After failed merger bid, storm brewing in RPPWeeks after the cancellation of its merger plan with the Rastriya Prajatantra Party-Nepal (RPP-N), a storm is brewing in the Rastriya Prajatantra Party (RPP), with the faction led by former prime minister Lokendra Bahadur Chand giving a 15-day ultimatum to party Chairman Pashupati Shumsher Rana to resume the merger process.
Weeks after the cancellation of its merger plan with the Rastriya Prajatantra Party-Nepal (RPP-N), a storm is brewing in the Rastriya Prajatantra Party (RPP), with the faction led by former prime minister Lokendra Bahadur Chand giving a 15-day ultimatum to party Chairman Pashupati Shumsher Rana to resume the merger process.
As many as 46 Central Working Committee members, of the total 107, have demanded that the party leadership start the process for unity with the RPP-N. They have claimed that majority of party cadres are in favour of merger.
The two right wing parties were set to announce their merger on August 9, but RPP Chairman Rana on the same day, hours before the scheduled programme, called it off, saying, “The merger is not possible for the time being.”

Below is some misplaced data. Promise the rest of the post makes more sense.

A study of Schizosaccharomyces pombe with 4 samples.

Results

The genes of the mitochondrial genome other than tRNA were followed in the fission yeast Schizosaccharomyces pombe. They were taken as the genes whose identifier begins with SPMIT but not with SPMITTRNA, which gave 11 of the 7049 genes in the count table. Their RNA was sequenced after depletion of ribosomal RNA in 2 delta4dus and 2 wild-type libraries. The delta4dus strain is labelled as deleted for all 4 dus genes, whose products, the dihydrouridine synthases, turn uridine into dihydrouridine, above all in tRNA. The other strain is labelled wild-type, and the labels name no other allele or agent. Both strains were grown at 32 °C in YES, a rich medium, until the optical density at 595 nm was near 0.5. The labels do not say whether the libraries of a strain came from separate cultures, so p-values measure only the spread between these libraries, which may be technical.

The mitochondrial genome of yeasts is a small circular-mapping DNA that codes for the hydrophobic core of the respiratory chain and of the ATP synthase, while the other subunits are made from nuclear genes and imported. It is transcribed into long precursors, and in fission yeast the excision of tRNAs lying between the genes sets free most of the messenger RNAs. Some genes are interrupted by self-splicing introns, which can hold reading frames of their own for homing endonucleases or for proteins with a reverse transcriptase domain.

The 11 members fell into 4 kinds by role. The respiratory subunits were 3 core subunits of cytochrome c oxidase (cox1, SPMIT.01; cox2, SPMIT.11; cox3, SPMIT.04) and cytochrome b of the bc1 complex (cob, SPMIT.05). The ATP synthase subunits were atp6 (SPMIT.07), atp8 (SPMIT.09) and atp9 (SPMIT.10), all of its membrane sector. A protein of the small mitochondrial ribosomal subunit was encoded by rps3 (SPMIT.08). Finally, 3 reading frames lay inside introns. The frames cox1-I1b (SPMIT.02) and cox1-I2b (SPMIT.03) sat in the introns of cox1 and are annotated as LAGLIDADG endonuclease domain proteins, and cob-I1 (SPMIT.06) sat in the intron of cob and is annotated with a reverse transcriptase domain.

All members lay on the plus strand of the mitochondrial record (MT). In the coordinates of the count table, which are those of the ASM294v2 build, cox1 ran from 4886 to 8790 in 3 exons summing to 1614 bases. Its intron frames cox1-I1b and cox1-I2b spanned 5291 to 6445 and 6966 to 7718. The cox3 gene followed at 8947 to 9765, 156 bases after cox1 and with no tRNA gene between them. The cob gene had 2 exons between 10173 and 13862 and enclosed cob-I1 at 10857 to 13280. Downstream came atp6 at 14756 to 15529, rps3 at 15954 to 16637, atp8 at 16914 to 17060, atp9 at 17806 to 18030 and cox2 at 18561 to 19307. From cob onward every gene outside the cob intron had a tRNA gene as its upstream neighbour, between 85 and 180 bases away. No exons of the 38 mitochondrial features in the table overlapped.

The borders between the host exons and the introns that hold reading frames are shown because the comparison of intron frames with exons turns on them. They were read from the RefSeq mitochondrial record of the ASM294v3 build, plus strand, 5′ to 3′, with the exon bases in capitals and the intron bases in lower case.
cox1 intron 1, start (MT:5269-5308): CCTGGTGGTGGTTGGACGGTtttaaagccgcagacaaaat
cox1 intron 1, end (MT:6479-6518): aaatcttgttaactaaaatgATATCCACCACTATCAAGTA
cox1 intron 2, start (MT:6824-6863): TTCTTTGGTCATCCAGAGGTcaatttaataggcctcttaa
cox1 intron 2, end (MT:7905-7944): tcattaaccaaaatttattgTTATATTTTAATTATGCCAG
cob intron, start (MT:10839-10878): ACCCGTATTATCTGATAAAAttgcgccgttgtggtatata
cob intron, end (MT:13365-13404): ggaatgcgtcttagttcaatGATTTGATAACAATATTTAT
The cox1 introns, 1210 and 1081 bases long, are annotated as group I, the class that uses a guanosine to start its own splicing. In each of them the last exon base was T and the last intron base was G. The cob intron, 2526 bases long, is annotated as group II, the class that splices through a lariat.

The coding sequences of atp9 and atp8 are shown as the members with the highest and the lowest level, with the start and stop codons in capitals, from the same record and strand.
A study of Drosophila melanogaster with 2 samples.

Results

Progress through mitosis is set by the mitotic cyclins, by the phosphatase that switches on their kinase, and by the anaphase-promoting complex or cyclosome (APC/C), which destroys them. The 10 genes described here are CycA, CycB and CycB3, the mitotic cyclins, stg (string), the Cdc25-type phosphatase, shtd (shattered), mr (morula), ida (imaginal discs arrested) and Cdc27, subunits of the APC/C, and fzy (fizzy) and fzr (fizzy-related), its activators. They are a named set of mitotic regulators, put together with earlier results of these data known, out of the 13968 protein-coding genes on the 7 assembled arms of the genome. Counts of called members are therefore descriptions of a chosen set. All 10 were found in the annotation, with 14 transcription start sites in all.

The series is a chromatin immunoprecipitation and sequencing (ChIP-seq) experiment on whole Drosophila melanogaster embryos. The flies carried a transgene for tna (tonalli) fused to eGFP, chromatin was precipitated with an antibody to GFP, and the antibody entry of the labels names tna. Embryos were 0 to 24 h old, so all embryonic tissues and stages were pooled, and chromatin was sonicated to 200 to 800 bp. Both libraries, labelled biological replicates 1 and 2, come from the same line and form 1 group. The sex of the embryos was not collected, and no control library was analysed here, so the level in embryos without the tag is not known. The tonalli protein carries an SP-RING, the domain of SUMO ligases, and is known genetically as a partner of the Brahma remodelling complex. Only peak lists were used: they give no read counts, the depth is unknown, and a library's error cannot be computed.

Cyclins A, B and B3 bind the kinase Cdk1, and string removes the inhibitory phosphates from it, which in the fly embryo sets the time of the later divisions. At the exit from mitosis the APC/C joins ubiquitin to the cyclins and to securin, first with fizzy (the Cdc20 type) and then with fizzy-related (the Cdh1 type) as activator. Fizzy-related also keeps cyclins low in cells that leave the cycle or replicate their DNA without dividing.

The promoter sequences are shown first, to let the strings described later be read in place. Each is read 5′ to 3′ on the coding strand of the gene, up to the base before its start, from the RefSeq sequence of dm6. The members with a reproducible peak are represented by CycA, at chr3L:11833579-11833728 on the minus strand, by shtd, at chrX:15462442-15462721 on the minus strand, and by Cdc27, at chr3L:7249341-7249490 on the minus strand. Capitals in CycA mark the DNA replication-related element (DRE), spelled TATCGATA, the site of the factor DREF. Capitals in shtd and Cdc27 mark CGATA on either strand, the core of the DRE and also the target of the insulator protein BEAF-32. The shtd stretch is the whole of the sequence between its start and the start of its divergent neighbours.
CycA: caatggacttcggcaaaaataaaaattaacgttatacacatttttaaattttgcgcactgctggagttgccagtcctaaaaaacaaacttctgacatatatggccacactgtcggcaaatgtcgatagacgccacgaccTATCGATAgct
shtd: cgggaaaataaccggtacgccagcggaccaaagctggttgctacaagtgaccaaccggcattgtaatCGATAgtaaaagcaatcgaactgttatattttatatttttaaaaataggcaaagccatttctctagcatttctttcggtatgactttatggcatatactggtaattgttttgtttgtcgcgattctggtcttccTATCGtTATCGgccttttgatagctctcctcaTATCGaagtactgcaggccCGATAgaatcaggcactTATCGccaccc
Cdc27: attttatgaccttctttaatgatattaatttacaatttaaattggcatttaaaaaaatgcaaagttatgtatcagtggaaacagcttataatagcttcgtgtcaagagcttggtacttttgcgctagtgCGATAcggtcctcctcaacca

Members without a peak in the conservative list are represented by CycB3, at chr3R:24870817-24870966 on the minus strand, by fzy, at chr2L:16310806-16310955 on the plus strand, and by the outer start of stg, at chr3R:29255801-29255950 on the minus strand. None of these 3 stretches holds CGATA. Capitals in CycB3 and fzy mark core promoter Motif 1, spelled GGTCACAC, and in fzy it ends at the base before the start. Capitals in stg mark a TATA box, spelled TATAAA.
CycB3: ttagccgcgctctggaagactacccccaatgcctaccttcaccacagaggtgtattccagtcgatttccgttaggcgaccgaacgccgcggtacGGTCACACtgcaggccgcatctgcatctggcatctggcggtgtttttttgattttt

Jayanta Chand, a CWC member who is for restarting the unity process, said, “We hope the party leadership understands the sentiments of the cadres.” He even warned of the party “taking a different course” if the merger process “fails to start in the next 15 days”.
Some of the party leaders under the leadership of Deputy General Secretary Hem Jung Gurung and the entire district committee members from Lamjung have already left the RPP to join the RPP-N.
Similarly, a majority of district committee members of Jajarkot and Manang joined the CPN-UML after the party decided to cancel its merger with the RPP-N.
Earlier during the unity negotiations between the two parties, the RPP-N had agreed to give the RPP an equal share—150 members—in the CWC, and the latter had agreed to let the RPP-N, which is double in size, lead the united party.
“The instances of Lamjung, Jajarkot and Manang are not very encouraging. If the party leadership does not realise this in time, in a few years, we will be nowhere in national politics,” said Chand, warning the leadership of the dangers of not taking immediate measures to fix the problem. However, leaders from the establishment faction have a different take.
RPP Deputy Spokesperson Kiran Giri said those calling for merger with the RPP-N are in minority. “Party decisions are taken on majority basis. The party will follow what the majority decides,” he said. After RPP’s Rana called off unity programme, RPP-N Chairman Kamal Thapa had also said cadres were disappointed by the decision.
The RPP was formed in 1990 with Thapa as a key central member. But the party split on January 9, 2006 following differences over former king Gyanendra Shah’s move of assuming absolute power. Thapa’s faction, which welcomed Shah’s move, then formed the new party. Under pressure from their cadres, the two parties had started a unification bid a year ago.